Indian Institute of Space Science and Technology (IIST)
Indian Institute of Space Science and Technology (IIST)

Setback powers Keralite scientist to dream bigger

Inventors do not face capital issues in countries like the US, according to Anjaly.

THIRUVANANTHAPURAM: An at-home male fertility test for just Rs 10: That was the dream of three Keralite scientists who developed a ‘revolutionary’ kit in 2014. But, as it turned out Dr Kuruvilla Joseph, Dr Anjaly Vijayan and Dr Vidya Raj were unable to turn their breakthrough into a viable product.   

The invention could not be commercialised because of the legal constraints involved: It was developed in the laboratory of the Indian Institute of Space Science and Technology (IIST), which is categorised as a sensitive and strategic organisation. Kuruvilla and Vidya were IIST faculty members and the kit was Anjaly’s internship project. An at-home male fertility test kit now costs between Rs 1,500-3,500.

“It was a crushing blow for us. It was probably the first-of-its-kind in the world and low production cost was the highlight,” recollects Anjaly. “It gave me a sort of realisation that I should look for a more inventor-friendly environment. Our idea could not see the light of day, but that was my ‘passport’ to the University of Pennsylvania’s School of Medicine,” said the 30-year-old.

Anjaly now heads a research team at the University of Pennsylvania’s (UPenn) School of Medicine that is working on an enhanced version of a smartphone-based Covid test they had developed earlier. “The technique is called micro bubbling. A person’s swab is placed on a microfluidic chip and its photograph is taken using a mobile app. The app will measure the size and number of micro-bubbles in the swab and determine the presence of a virus. The existing test is an antigen test and we are developing a more sensitive molecular device having an accuracy on par with the PCR test,” Anjaly said.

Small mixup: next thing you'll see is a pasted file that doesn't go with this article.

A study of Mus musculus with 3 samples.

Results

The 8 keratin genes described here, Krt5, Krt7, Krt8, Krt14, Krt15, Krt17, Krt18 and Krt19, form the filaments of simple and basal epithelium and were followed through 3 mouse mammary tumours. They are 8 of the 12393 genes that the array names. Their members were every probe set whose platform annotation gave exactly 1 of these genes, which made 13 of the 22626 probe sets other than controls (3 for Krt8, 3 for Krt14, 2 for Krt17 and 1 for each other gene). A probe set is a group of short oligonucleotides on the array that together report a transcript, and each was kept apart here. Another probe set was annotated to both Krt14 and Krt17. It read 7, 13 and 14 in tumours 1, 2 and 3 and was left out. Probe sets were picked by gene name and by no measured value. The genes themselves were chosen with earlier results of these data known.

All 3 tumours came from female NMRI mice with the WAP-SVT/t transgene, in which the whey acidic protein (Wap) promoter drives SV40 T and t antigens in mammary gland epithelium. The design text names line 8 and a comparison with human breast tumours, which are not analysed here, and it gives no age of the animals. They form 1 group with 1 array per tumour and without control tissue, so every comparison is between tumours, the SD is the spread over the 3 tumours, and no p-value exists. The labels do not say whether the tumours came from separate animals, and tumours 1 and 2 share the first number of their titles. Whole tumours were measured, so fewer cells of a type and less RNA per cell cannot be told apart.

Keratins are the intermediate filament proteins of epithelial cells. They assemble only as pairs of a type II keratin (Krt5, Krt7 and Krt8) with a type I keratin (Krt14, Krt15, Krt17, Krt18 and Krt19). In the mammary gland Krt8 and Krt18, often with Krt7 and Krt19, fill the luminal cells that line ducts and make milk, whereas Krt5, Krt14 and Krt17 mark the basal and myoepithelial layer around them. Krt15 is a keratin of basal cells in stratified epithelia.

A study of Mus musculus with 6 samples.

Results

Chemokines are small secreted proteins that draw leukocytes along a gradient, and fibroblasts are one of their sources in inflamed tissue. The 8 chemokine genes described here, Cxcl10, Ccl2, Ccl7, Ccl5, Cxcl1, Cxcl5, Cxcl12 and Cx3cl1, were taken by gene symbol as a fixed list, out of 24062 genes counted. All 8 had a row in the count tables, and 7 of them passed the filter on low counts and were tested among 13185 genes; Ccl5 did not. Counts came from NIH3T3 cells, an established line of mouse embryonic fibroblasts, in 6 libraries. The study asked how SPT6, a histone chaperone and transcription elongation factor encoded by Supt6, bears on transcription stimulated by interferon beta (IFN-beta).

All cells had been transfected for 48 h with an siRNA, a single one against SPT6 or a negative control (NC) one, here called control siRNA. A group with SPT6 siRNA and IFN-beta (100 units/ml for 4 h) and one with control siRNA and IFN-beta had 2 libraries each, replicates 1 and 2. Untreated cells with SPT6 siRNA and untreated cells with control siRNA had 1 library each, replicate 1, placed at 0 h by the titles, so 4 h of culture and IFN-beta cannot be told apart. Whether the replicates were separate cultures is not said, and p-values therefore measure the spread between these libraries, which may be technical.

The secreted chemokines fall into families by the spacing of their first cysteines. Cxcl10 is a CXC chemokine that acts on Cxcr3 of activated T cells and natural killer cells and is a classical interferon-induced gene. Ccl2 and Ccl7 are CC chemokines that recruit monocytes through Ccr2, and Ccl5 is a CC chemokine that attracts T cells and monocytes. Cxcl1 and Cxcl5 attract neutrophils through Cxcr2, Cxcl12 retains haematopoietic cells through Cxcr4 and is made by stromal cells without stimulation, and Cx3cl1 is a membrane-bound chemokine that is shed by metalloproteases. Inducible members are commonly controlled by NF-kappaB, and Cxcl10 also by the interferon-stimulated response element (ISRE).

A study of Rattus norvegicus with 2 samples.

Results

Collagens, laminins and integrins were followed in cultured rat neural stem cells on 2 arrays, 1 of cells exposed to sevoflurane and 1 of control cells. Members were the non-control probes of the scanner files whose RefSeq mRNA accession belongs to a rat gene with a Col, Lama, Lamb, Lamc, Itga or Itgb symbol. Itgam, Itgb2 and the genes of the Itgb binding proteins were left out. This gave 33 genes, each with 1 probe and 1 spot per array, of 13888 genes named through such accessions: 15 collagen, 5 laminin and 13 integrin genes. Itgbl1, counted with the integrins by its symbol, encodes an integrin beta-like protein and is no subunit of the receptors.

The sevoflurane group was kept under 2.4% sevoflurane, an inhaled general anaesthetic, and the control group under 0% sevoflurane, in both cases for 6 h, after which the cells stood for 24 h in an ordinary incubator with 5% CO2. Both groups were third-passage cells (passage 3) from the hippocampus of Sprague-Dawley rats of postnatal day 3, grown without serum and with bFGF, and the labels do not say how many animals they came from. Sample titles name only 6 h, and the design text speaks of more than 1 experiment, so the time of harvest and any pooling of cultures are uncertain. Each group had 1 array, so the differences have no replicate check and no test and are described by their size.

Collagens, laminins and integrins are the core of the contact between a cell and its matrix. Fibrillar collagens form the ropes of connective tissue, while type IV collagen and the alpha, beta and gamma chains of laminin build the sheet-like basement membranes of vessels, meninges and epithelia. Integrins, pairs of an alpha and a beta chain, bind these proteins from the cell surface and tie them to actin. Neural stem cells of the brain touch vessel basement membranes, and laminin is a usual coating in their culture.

Smartphone-based diagnostic and clinical techniques have a robust future, she feels. “This is a cutting-edge technology that has tremendous potential in point-of-care diagnostics, especially in third-world countries, where sophisticated instruments are not easily accessible,” she says.

Anjaly, who hails from Alappuzha, left her full-time job at the School of Medicine last year to join Zoetis -- formerly Pfizer Animal Health -- as a senior scientist. But she still volunteers on the UPenn team
Science students in Kerala are largely unaware of the huge research possibilities in countries like the US, says Anjaly.

“Several universities abroad offer scholarships that cover education, health and living expenses. A good grade in the qualifying degree or publications and research experience with reputed labs will help secure them. Institutions like the Indian Institute of Science Education and Research (IISER), the Indian Institute of Science (IISc), Bhabha Atomic Research Centre (BARC) and Tata Institute of Fundamental Research (TIFR) have good labs,” she says.

Inventors do not face capital issues in countries like the US, according to Anjaly.“If you have a good idea, companies are ready to fund even before the prototype stage. Industry will accord you all support, including good lab facilities,” says Anjaly, who is also passionate about travelling.